Epic Games CEO Renews Attack on Apple and Calls for Single, Universal App Store
Epic Games CEO Tim Sweeney has today renewed his attack on Apple and called for a single, universal app store that works across all platforms (via Bloomberg).
Last year, Epic's popular game "Fortnite" became the subject of heated litigation with Apple and Google over the rate of commission on in-app purchases. After Epic broke App Store rules by implementing a direct payment option, the game was removed from the App Store and Epic's developer account was terminated.
A lengthy legal battle ensued, resulting in the verdict while that Apple's anti-steering conduct is anti-competitive, Apple was correct on on all other counts. Epic Games paid Apple $6,000,000 in lost royalties but has appealed the verdict.
In an interview at the Global Conference for Mobile Application Ecosystem Fairness in Seoul, South Korea, Sweeney said:
What the world really needs now is a single store that works with all platforms. Right now software ownership is fragmented between the iOS App Store, the Android Google Play marketplace, different stores on Xbox, PlayStation, and Nintendo Switch, and then Microsoft Store and the Mac App Store.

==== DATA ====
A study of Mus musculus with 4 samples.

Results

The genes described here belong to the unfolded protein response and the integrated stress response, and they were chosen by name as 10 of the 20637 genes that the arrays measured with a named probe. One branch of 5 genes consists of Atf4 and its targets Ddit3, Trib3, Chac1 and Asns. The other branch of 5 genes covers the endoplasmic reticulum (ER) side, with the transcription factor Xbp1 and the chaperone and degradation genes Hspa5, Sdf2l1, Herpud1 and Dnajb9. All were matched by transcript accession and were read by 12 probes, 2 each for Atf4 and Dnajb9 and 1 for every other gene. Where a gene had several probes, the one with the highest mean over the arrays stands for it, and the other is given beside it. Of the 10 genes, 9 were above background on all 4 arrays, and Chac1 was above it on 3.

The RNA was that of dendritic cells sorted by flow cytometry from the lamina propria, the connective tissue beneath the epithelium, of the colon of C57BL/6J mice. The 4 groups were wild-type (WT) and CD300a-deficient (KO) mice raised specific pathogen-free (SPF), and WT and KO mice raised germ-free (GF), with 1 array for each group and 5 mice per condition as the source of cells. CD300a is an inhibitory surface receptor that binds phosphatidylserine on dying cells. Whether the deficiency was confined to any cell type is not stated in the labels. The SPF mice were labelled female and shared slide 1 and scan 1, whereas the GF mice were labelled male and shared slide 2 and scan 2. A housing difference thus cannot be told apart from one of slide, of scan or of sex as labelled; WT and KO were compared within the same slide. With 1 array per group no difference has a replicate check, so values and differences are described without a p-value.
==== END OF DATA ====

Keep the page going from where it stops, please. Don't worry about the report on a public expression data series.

Sweeney added that Epic Games is working with developers and service providers to create a system to allow users to "to buy software in one place, knowing that they'd have it on all devices and all platforms." Epic Games already offers the Epic Games Store, aimed at PC gamers, which also charges a commission.
There's a store market, there's a payments market, and there are many other related markets. And it's critical that antitrust enforcement not allow a monopolist in one market to use their control of that market to impose control over unrelated markets.
Earlier this year, South Korea passed a bill that prohibits app distribution platforms from forcing developers to use their payment method alone and. Apple will be required to offer multiple in-app payment methods in South Korea, but the company has not yet made any changes to facilitate this.
Sweeney praised the legislation and accused Apple of complying "with oppressive foreign laws" while "ignoring laws passed by Korea's democracy." "Apple must be stopped," he added.